The drum break in The Soul Searchers song Ashley’s Roachclip from 1974 was well on it’s way to become just as hugely sampled as the Amen break. But something stopped its triumphant march: it went out of fashion.

Like many breaks, it was first used in hiphoptracks in the early eighties. A lot of early hip hop sampled the song at the 11-second mark, like Grandmaster Melle Mel and LL Cool J. Some artists, used the drum break, like Michee Mee & L.A. Luv in 1987 in Run For Cover. The first use of the sample that became famous was however was Eric B. & Rakim’s classic sample track Paid In Full from 1987.

That may well have spurred on it’s sudden popularity, but not just in hiphop, but regular pop and dance music. The relaxed break suddenly popped up as a backing for Milli Vanilli’s 1988 songs Girl You Know It’s True and Baby, Don’t Forget My Number. Ice MC’s 1990 track Easy not only emulated Milli Vanilli, it also used the same sample. Snap!’s 1990 track Oops Up used the sample too. Interesting to note is that remixes of pop songs used it to make it more danceable, like Roxette’s The Look from 1989 and Caron Wheeler’s Livin The Light from 1990.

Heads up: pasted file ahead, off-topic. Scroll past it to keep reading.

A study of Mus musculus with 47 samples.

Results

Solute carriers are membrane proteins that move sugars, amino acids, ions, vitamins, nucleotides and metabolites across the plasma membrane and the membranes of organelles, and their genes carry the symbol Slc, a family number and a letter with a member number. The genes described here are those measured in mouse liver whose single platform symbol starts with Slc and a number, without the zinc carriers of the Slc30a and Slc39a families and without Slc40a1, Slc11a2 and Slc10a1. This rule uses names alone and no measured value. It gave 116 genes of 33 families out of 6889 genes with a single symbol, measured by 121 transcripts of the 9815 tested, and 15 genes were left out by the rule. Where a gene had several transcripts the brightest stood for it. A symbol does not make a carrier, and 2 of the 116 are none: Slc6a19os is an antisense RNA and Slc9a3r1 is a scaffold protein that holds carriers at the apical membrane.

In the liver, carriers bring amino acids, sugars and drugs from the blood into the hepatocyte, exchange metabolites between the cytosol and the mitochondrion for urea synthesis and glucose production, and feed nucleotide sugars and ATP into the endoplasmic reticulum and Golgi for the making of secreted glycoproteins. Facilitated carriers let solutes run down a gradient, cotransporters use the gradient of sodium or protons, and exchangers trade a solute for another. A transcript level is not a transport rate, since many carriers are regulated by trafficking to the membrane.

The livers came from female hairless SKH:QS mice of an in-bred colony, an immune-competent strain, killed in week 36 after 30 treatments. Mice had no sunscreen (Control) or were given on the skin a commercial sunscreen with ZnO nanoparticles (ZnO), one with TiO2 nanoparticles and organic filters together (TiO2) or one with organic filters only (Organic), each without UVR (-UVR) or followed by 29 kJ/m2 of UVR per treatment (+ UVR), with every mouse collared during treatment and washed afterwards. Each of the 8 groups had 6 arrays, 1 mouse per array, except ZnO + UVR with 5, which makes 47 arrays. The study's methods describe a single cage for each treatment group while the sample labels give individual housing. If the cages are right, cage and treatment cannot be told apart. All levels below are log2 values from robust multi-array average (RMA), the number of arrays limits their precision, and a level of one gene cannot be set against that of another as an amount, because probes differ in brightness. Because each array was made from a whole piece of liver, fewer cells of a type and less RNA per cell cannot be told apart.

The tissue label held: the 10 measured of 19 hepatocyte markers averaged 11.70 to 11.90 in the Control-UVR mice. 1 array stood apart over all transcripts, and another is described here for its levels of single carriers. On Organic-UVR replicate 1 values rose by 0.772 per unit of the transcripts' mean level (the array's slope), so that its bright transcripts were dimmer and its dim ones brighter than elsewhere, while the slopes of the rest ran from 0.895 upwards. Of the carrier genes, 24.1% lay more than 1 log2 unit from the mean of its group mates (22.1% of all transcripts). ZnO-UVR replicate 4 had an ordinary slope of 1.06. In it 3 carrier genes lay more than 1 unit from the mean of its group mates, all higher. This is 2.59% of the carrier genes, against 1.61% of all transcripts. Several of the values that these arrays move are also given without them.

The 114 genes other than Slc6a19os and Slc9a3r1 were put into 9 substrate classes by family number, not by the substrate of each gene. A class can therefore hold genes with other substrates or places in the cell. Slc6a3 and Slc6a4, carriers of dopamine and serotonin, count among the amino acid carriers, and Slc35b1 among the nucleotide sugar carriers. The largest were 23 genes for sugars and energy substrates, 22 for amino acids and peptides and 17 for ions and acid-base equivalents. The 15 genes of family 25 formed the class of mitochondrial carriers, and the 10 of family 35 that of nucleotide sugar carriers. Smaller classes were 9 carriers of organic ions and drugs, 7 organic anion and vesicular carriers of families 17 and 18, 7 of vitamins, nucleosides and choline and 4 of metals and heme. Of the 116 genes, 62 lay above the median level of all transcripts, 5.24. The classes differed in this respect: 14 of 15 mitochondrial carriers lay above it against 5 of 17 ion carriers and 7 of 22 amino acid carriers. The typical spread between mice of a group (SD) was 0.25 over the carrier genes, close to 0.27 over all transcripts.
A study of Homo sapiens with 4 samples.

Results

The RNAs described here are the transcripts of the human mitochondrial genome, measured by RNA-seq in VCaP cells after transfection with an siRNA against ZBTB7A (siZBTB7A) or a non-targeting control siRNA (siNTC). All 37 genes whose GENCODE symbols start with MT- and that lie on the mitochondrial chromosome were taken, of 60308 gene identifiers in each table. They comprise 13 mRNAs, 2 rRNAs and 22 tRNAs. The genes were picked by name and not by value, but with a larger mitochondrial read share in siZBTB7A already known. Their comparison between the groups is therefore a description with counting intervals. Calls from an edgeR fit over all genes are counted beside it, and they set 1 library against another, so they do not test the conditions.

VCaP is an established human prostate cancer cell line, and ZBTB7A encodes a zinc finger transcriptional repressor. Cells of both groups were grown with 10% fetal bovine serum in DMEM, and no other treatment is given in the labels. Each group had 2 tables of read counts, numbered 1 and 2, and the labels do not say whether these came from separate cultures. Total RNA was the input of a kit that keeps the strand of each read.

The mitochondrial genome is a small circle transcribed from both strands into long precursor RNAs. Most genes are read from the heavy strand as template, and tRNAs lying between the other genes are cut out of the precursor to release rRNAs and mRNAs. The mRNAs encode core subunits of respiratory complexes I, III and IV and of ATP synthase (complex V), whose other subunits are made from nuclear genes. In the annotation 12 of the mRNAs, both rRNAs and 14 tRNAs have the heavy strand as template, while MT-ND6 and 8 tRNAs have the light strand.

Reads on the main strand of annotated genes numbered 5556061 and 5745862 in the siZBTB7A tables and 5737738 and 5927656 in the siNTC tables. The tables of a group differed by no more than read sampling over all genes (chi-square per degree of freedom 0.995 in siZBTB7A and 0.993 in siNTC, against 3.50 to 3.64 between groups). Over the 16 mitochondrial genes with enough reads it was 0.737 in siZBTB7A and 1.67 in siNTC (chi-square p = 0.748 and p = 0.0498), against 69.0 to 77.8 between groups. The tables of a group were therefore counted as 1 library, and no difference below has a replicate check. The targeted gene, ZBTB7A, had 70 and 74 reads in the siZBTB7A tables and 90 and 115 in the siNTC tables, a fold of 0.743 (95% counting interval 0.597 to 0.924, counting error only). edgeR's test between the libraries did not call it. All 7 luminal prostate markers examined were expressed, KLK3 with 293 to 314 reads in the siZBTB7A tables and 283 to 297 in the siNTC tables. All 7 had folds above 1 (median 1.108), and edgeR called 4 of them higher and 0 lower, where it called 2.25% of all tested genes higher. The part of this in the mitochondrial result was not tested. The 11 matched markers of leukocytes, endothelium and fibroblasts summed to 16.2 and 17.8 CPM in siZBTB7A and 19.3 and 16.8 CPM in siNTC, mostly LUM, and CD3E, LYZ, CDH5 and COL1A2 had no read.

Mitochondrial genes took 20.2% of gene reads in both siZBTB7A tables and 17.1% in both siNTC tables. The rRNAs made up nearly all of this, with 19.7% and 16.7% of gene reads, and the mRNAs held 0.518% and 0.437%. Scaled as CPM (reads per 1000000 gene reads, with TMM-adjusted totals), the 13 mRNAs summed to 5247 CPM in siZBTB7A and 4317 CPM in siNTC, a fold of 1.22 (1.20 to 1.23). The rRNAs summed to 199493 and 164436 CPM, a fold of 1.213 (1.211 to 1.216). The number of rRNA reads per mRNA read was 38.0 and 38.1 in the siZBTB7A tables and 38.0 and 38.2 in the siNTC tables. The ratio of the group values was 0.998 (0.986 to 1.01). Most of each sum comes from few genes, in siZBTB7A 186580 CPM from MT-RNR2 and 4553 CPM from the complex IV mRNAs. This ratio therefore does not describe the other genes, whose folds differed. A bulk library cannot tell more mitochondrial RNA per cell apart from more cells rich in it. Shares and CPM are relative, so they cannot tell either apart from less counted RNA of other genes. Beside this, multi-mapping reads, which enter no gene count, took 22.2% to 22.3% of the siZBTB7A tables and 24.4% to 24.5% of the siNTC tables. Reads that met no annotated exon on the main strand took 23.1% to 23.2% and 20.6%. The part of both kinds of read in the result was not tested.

The hits then just started to roll in. PM Dawn in 1991 with Set a Drift On Memory Bliss (which combines it with Spandau Ballet’s True), Unbelievable by EMF in 1991, Sweet Thing by Mick Jagger in 1992, Come Undone by Duran Duran in 1993. Even Moby used it in First Cool Hive from 1995.

But from there it’s use in popular songs (chart hits in this case) kinda ended. Even though it is still often sampled and used in various ways since then. It seems the beat has become associated with those late 80’s/early 90’s hits and become somewhat unpopular with producers. That and the fact that most people used it ‘as is’ and didn’t slice it up, like it was done with Amen break.